Thursday, November 23, 2006

So the latest Ashes started in Australia overnight, sounds like it was a pretty tough day for the English. I managed to avoid checking on the score until around 6am, by then Australia were well in control, bringing back memories on childhood for me. It feels as though I woke up early on many freezing cold winter mornings, switched on the transistor radio which I had taken to bed with me the previous evening, only to hear that England were being soundly thrashed by a rampant Australian side.

Listening to a small radio in bed in one of the great joys in life those days. I guess I, like so many others of my age started by listening to Radio Luxembourg under the bed clothes whilst nervously waiting for my mum to tell me to "turn that off!" The reception for Radio Luxembourg in Bristol was pretty bad and the signal would ebb and flow, leaving you with the joyful sound of static for minutes at a time. Maybe it was this which caused my love of tuneless experimental electronic music? On occasions I would wake with a start late at night, realising that I had drifted off and the batteries on the radio has died. Now this was in the days before rechargeable batteries and we didn't really keep much of a battery stock in the house, so the prospect of several days without a radio was a worrying prospect.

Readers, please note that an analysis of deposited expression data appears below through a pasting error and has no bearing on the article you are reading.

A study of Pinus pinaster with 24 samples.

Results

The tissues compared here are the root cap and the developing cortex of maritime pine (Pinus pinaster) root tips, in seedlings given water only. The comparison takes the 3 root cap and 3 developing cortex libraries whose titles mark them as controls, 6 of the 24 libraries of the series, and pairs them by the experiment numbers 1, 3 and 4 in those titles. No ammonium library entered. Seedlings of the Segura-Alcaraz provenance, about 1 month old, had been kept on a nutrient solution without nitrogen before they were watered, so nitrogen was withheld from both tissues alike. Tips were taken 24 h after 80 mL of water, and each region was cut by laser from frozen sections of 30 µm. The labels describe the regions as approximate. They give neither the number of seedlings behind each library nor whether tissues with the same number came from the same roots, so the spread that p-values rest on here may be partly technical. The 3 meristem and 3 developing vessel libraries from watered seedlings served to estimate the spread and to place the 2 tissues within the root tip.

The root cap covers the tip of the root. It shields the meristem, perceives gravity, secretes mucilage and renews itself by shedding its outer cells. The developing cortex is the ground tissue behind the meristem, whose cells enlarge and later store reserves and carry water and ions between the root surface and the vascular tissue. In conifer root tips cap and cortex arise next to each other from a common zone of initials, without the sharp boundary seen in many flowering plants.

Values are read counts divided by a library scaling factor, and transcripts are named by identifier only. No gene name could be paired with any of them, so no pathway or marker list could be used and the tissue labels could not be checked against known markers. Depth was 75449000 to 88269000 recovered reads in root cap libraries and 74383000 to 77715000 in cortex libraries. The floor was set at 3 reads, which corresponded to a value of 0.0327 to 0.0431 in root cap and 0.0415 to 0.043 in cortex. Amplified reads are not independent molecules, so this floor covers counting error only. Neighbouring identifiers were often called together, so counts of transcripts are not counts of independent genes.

Eventually I graduated to having a radio which I could plug into wall and keep on the table next to my bed, amazingly this didn't happen until I was on the verge of leaving school and starting my first job. By then I had made the move from Radio Luxembourg to John Peel on Radio 1. I dipped my musical ear in and out of the Peel show for a few years, until the festive 50 of 1978 saw becoming a regular listener. To ensure I didn't miss anything I would record the shows as well, so that I could play the tapes the next day, this would ensure that none of those fantastically obscure tunes slipped past me.

To this day late night radio is an essential part of my (and Orynthia's life). Our companion in the bedroom is Mark Radcliffe, consistently entertaining - sometimes just fantastic. Whenever he has Simon Armitage or Stuart Maconie as a guest of the show the silliness quota goes through the roof, and we lie in bed chuckling away at the wonderfully frivolous banter.